Text Messaging Etiquette

Transitioning your communication method from email to text meets participants where they are - their phones! As you switch to text, it is important to transition the way you speak with them as well. Follow these steps to keep your texts engaging:

  1. Counting Characters:

    • You may have seen our recent update to character count for all message types: you can now send texts up to 1600 characters! While this is a significant increase and can be useful for sending longer responses that require more detail, we still encourage you to aim for the 160 character mark. We’ve all received long texts that have caused us to disengage (see this T-Mobile Super Bowl ad for reference) - shorter messages generate higher response rates! By keeping your messages brief, you reduce your chances of overwhelming, and increase your chances of hearing back.
  2. Text-Friendly Formatting:

    • While the content of your texts may be similar to your email campaigns, it is crucial to adapt the formatting. Texting is a more informal communication method, and does not adhere to the same email norms:  

      • You don't need to sign off on each text like you would with an email signature. Students will only ever receive texts from a single phone number - they'll always know it's you! Avoiding repetitive sign-offs keeps texts brief and more personal.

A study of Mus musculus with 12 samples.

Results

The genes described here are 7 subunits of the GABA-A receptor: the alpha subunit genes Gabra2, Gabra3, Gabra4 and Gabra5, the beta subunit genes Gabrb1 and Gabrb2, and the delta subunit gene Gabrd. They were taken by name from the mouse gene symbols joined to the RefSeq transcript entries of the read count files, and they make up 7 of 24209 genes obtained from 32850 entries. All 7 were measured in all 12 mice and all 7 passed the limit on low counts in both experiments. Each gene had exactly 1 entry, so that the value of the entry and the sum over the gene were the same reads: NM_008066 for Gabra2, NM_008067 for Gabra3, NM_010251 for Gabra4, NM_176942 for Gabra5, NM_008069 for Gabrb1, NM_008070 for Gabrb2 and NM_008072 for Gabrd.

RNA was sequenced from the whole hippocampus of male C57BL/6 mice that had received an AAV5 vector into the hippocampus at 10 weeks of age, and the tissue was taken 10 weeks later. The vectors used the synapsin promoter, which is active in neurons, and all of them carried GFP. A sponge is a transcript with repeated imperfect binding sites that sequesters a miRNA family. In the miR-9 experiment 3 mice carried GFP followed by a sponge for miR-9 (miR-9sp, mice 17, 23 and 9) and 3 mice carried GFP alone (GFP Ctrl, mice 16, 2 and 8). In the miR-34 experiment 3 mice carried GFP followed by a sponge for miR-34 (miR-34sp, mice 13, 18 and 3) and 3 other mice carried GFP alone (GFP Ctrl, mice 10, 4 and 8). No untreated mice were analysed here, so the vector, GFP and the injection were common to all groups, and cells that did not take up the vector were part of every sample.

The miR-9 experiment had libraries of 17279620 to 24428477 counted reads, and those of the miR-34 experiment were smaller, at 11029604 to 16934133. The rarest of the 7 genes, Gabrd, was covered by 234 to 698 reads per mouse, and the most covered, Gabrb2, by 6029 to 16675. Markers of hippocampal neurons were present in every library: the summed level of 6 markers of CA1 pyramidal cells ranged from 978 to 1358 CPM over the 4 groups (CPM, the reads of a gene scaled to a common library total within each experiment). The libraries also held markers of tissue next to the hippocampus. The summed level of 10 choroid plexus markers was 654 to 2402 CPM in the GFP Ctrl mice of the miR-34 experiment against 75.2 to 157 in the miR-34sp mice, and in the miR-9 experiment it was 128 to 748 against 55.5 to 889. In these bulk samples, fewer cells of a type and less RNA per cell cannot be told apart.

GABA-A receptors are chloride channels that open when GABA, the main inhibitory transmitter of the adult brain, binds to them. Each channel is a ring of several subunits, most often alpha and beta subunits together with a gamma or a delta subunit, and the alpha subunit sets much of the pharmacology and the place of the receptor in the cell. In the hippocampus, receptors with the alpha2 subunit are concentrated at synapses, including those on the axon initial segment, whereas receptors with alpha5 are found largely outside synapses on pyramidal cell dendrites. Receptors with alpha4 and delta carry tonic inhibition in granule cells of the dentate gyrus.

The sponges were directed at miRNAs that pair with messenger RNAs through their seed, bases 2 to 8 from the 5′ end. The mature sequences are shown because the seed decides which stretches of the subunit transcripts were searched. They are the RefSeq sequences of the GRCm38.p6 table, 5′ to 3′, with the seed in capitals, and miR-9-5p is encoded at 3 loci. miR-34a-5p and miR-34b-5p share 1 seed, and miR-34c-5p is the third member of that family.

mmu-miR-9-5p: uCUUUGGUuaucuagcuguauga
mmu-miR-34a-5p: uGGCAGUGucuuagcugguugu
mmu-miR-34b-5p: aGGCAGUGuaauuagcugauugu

• When texting, it is best to send a separate message for each topic you want to communicate about. Including multiple paragraphs doesn't allow students to focus on one task or topic at a time, and they're also more difficult to read on a phone. Extra spacing also eat away at your character count!

      • Unlike with email, you don't need to pull a participant's name into each message to maintain consistent communication via text. You can send Quick Messages excluding personalization, or you can pull in any profile field to change up the personalization!

Following these tips will keep your content engaging, concise and strategic for the texting format. I have attached two example texts here; the first follows these best practices, while the second shows an email that’s been copied into a text. The text on the left is easier to read and friendlier, but still gets the point across!

Are there any other tips you can offer as you’ve transitioned your communication to text?